HONG KONG • The health authorities in Hong Kong say they may be days away from developing a quick test for a new strain of coronavirus identified as the cause of a pneumonia outbreak in central China's Wuhan city, local media reported.
Mainland experts have in the past few days identified the new virus and mapped out its entire genome sequence - which has been shared with the World Health Organisation (WHO) and Gisaid, an online global data bank for flu viruses, broadcaster RTHK said on Sunday.
Through this data bank, Hong Kong's Centre for Health Protection will have access to the genome sequence as soon as the information is published after being verified.
A top microbiologist at the University of Hong Kong, Dr Ho Pak Leung, said this should be completed in a very short time, and once scientists in Hong Kong get access to this information, they will be able to devise rapid tests for the Wuhan virus that can yield results in two to three hours, against six to eight hours for broader tests currently available.
Genome sequencing of viruses is a useful tool for understanding the nature of diseases and for surveillance of the strain.
As of noon yesterday, only Princess Margaret Hospital had, in the past 24 hours, admitted one patient who had visited Wuhan in Hubei province in the past 14 days. The 38-year-old woman has fever, respiratory infection or pneumonia symptoms. She did not visit wet markets in Wuhan.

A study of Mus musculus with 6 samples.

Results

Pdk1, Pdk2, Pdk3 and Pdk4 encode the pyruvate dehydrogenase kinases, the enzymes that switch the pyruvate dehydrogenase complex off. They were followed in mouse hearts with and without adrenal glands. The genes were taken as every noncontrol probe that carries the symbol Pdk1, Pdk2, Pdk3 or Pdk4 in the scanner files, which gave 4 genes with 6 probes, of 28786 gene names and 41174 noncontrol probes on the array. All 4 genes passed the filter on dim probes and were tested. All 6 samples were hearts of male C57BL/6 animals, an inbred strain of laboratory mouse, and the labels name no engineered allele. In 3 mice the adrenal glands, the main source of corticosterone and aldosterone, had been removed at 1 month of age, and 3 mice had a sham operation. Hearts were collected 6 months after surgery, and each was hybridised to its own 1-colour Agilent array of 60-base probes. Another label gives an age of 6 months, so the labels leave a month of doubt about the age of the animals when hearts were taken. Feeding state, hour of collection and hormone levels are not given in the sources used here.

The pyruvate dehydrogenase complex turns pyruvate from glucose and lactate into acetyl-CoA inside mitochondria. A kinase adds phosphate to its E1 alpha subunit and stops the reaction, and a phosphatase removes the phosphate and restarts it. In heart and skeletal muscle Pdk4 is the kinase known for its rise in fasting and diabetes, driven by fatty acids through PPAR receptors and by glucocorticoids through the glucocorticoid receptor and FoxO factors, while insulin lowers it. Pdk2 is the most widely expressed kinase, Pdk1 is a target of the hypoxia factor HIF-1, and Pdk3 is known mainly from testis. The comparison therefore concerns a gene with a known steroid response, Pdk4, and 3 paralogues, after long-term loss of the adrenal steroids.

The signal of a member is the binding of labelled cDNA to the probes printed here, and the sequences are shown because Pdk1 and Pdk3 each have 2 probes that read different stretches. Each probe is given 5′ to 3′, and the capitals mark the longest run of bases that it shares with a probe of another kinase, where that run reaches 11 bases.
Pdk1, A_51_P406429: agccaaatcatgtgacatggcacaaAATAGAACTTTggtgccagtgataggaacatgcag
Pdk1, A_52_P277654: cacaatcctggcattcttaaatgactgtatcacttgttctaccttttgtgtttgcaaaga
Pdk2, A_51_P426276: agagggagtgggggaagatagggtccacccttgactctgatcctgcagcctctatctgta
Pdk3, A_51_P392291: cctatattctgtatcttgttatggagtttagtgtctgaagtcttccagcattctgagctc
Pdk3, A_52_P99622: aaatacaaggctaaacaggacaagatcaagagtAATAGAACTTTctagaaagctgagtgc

Hong Kong's Hospital Authority has reported 68 patient cases, including the latest case, since Dec 31. Specimens taken from the patients have been sent to the Department of Health for testing. Among all the suspected cases, 56 have been discharged and those patients still hospitalised are in stable condition.
A group of Hong Kong experts led by Dr Chui Tak Yi, the undersecretary for food and health, left for Wuhan yesterday, the South China Morning Post reported.
During their two-day visit, the team is expected to be briefed on the latest situation and control measures, and clinical management.
The group also comprises Dr Chuang Shuk Kwan, head of the communicable disease branch of the Centre for Health Protection, and Dr Raymond Lai, chief infection control officer at the Hospital Authority, the Post added.
The WHO said on Sunday that the outbreak appears to be linked to a single seafood market in Wuhan and has not spread beyond there so far, Reuters reported.
The Wuhan Huanan Seafood Wholesale Market was closed on Jan 1, after the cluster of the novel coronavirus was initially reported the day before.
While investigations are still on to assess the full extent of the outbreak, the WHO does not recommend any specific health measures for travellers, and advises against any travel or trade restrictions on China based on the information available, China's official Xinhua news agency reported yesterday.